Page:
Iron Age horse harness found by accident is oldest in CEE, say archaeologists

Iron Age horse harness found by accident is oldest in CEE, say archaeologists


After forgetting to turn off his metal detector, an archaeologist made a surprising discovery in Poland.

The accidental discovery uncovered complete Iron Age harness which is 2,500 years old, also a rare axe . The findings provide a glimpse in Central Europe into the Iron Age in the sixth century BC.

 

Detail of bronze Scythian harness discovered near Mała Nieszawka in Poland.
Detail of bronze Scythian harness discovered near Mała Nieszawka in Poland.

Arkadiusz Kurij, who investigated the Mała Nieszawka region with members of the WELES Historical and Exploration Group in Cierpice near Toruń, near the Vistula River, made amazing finds.

Science in Poland reports that he came back to the meeting point after he “searched a nearby hill, as his metal detector still turned on, started to beep.” He immediately knew that he had found something was very significant, and he contacted the authorities concerned.

The Scythian harness discovered in Mała Nieszawka in Poland appears to be complete, and only a small part, which was probably made of wood, is missing.

He “carefully reburied the site to cover up evidence of digging should anybody with less noble intent happen upon it,” according to The History Blog .

Discovery is First of Its Kind in Central and Eastern Europe

Archaeologists came and examined the site, which was on a sandy hill and found a harness made of bronze sheets and wire. Although it was a complete harness, a small part was missing.

This was probably because it was made of wood and had long since decayed in the earth. Dr. Jacek Gackowski of the Nicolaus Copernicus University in Toruń told Science in Poland that it “is the first find of this type in Central and Eastern Europe.”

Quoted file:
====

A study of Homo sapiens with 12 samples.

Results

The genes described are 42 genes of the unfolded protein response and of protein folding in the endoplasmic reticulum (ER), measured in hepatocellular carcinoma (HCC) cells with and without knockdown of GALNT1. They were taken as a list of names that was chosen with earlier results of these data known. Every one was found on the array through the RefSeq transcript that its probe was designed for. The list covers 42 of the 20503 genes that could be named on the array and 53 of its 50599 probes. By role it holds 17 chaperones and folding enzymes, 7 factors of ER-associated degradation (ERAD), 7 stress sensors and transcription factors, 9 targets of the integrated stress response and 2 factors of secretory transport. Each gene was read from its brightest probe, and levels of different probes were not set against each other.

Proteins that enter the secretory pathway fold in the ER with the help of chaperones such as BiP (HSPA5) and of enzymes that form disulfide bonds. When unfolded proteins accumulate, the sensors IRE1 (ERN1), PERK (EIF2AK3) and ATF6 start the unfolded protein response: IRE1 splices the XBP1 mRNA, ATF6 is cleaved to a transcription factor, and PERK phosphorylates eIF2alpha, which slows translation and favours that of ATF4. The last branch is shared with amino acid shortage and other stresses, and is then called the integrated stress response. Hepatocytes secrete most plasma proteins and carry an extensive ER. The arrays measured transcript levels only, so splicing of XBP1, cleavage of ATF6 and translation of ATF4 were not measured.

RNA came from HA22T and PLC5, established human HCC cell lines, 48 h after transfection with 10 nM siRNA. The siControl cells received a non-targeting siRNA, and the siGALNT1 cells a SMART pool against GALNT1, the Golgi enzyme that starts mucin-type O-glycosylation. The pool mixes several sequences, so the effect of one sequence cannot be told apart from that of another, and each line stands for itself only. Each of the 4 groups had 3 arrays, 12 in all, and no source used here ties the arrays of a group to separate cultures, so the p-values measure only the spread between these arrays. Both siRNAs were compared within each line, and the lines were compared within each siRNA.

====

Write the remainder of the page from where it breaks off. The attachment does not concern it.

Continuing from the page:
Based on a preliminary analysis, the objects had been wrapped in burdock leaves and “folded into a leather bag,” reports Earth Chronicles . The artifact consists of several pieces that were linked by rings to form the harness.

According to Science in Poland , Gackowski stated that the “preserved artefacts indicate that the bridle was very decorative, as evidenced also by the numerous tubular and ring-shaped harness parts made of sheet metal and wire.” It appears that the harness had not been lost but had been deliberately buried.

Evidence of Scythian Nomads Making Inroads in the Area

Based on the design of the harness it most likely was Scythian in origin. These were a war-like Iranian speaking people who dominated the Eurasian Steppe . They were possibly making inroads in the area in the 6 th century BC, when it was occupied by the people of the Lusatian culture.

The Lusatians were very important in the Baltic amber and metal trade. It is known that they were often in conflict with the Scythians.

In the past, several Scythian weapons and artifacts have been found in the general area. It is possible that the nomads arrived in the area through the Moravian Gates, a pass in what is now Czechoslovakia.

Science in Poland reports Gackowski as saying that the finds indicate some “dramatic events that could have occurred between the local population and culturally alien, horse-riding visitors from far away.”

But That’s Not All. Nomad’s Axe Found Too!

Apart from the Scythian harness, the archaeologists also found a locally-produced axe. It is of a type known as a socketed axe. Wojciech Sosnowski, who works in the Office for Monument Protection, told Science in Poland that “it is difficult to answer why or how the axe was in the bag.”

The harness and the axe may have been hidden during a period of conflict or migration. The heavy items may have been buried as they could have been slowing down a horse.

It seems likely that whoever buried the valuable items intended to return and retrieve them at some point but was unable to do so. They would likely have been re-used. It is assumed that the Synthian harness would have been re-melted and used in the manufacture of other items.

The harness and the axe have been removed and they will be analyzed by an interdisciplinary team. Their efforts may reveal more Iron Age secrets. In Science in Poland , Sosnowski explains that these studies will allow experts “among other things, to determine the exact time when the treasure was buried.”

Thanks to the accidental find by the archaeologist and his metal detector , the harness is expected to eventually go on display in a local museum.